U.N. Chief Kofi Annan Praises Treaty That Bans Land Mines
UNITED NATIONS - U.N. Secretary-General Kofi Annan praised an anti-land mine treaty as a "landmark in the history of disarmament," but said it represents only the beginning of the real work ahead.
Countries that will sign the ban and ratify it must pledge to implement it by aiding the victims and clearing mines that are in the ground, Annan said Friday, adding that other countries should also come on board.
Annan attended a news conference at which the foreign minister of Norway, Bjorn Tore Godal, delivered the treaty to Canadian Foreign Minister Lloyd Axworthy.
The treaty, which was endorsed by 89 countries this month in Oslo, Norway, is to be signed in December in Ottawa. It goes into effect after 40 countries have ratified it.
"When we come to Ottawa, we recognize that it's more than signing the treaty, it's the beginning of the process," said Axworthy, who has been mentioned as a contender for this year's Nobel Peace Prize.
"You can't rebuild as long as there are booby traps in the ground," he said.
The treaty calls for a total ban on production, export and use of anti-personnel mines. It calls for the destruction of all stockpiles within four years of ratification and the clearance of minefields within 10 years.
It also provides for helping countries remove minefields and give aid to the victims of the weapons - an estimated 26,000 annually.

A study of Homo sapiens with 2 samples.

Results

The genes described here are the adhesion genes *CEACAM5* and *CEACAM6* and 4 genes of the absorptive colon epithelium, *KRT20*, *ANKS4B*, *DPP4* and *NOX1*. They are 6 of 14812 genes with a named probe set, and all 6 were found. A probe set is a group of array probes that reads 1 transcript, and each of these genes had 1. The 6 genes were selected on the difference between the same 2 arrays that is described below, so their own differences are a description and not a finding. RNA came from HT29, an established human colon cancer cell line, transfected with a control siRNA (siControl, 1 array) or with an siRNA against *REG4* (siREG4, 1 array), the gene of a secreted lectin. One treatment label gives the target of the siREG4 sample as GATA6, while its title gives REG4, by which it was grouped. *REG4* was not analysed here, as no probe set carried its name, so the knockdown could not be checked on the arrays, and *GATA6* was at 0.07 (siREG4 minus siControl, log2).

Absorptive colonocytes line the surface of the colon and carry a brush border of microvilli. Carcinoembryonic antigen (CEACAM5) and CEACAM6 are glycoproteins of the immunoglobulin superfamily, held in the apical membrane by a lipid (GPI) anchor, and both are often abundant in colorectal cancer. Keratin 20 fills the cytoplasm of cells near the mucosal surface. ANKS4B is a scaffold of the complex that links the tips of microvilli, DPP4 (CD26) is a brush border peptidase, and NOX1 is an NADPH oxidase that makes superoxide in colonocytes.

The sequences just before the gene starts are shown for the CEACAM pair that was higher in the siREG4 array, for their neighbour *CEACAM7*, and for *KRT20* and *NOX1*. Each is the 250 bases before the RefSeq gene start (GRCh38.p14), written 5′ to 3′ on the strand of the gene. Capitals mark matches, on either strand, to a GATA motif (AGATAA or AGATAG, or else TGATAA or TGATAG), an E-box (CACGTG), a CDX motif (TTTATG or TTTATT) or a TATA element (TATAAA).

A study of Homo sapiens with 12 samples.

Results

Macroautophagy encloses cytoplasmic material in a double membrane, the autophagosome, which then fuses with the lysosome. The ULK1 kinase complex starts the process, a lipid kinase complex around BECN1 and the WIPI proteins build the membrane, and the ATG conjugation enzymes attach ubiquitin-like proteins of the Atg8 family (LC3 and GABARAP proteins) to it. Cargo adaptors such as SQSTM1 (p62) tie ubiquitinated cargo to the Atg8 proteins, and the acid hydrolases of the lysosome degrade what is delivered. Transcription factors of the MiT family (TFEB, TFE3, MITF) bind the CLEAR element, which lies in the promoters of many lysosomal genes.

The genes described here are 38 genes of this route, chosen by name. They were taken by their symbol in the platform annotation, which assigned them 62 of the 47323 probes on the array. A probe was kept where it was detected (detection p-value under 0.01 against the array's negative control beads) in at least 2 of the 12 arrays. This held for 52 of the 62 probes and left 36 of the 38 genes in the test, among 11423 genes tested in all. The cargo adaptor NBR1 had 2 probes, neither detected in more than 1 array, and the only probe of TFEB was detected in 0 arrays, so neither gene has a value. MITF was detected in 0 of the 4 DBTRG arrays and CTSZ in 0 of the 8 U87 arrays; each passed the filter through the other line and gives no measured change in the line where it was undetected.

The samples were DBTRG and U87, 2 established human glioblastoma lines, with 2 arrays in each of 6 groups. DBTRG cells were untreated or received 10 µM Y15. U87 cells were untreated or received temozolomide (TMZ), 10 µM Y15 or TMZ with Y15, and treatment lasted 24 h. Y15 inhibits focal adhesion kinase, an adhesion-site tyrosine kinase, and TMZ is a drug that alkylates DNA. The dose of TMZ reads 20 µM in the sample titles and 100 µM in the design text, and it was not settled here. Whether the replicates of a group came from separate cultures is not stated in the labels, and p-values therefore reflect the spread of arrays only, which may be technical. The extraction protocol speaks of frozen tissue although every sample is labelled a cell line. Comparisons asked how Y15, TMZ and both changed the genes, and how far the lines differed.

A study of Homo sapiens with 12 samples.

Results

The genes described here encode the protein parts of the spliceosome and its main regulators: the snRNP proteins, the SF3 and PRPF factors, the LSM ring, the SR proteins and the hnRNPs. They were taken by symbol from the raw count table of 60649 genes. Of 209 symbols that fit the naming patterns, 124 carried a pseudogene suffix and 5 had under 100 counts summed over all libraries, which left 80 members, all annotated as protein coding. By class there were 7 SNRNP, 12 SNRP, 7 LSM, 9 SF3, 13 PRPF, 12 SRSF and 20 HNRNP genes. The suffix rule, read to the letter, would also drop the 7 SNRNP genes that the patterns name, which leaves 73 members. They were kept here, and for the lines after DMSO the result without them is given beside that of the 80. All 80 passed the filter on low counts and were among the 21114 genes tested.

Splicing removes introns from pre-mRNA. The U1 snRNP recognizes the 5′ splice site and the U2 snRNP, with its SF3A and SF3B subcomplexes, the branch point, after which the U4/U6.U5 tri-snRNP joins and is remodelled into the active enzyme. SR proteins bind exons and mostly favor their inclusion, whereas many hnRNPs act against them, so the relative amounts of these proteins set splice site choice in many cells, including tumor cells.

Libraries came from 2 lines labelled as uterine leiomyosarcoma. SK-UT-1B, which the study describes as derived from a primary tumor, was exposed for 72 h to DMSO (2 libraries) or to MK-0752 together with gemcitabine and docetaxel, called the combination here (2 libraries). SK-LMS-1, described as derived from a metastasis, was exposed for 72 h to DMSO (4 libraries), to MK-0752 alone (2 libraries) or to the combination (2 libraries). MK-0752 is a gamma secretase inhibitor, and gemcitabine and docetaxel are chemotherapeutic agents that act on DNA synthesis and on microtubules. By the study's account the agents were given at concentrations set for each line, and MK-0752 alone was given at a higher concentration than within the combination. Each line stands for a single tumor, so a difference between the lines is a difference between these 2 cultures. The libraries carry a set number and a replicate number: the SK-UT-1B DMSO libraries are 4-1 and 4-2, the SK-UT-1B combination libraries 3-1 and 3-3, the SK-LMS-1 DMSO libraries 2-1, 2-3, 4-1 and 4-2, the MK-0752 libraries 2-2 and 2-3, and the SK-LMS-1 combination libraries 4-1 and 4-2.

The United States failed to endorse the treaty after seeking a series of exemptions. China, Russia and India also haven't endorsed it.
The president of the International Committee of the Red Cross, Cornelio Sommaruga, who attended the news conference from Geneva via satellite, announced a new television campaign to pressure countries that didn't sign on to do so.
In the black-and-white spot, victims of land mines - many walking on one leg - are seen massing in front of the building in downtown Ottawa where the treaty will be signed.
"The people of the world are behind a total ban on land mines," says the announcer. "Now it's the politicians' turn."
"Is your government going to sign?"
"Excellent," marveled Annan at the end of the spot.
Both Canada and Norway were instrumental in bringing about the treaty - Norway by being one of the first countries to announce a ban on land mines and Canada for pushing through the treaty so quickly and without compromises, Annan said.
"We have, finally, turned the tide on production and use of land-mines and started a momentum which one day will include all nations in the fight against land mines," he said.
Norway has pledged $100 million over five years for mine clearing and victim assistance, Godal said, in urging other countries, private companies and others to contribute.
"The needs are enormous indeed, and only a concerted approach can help those whose lives have been so terribly, terribly affected by the use of anti-personnel mines," Godal said.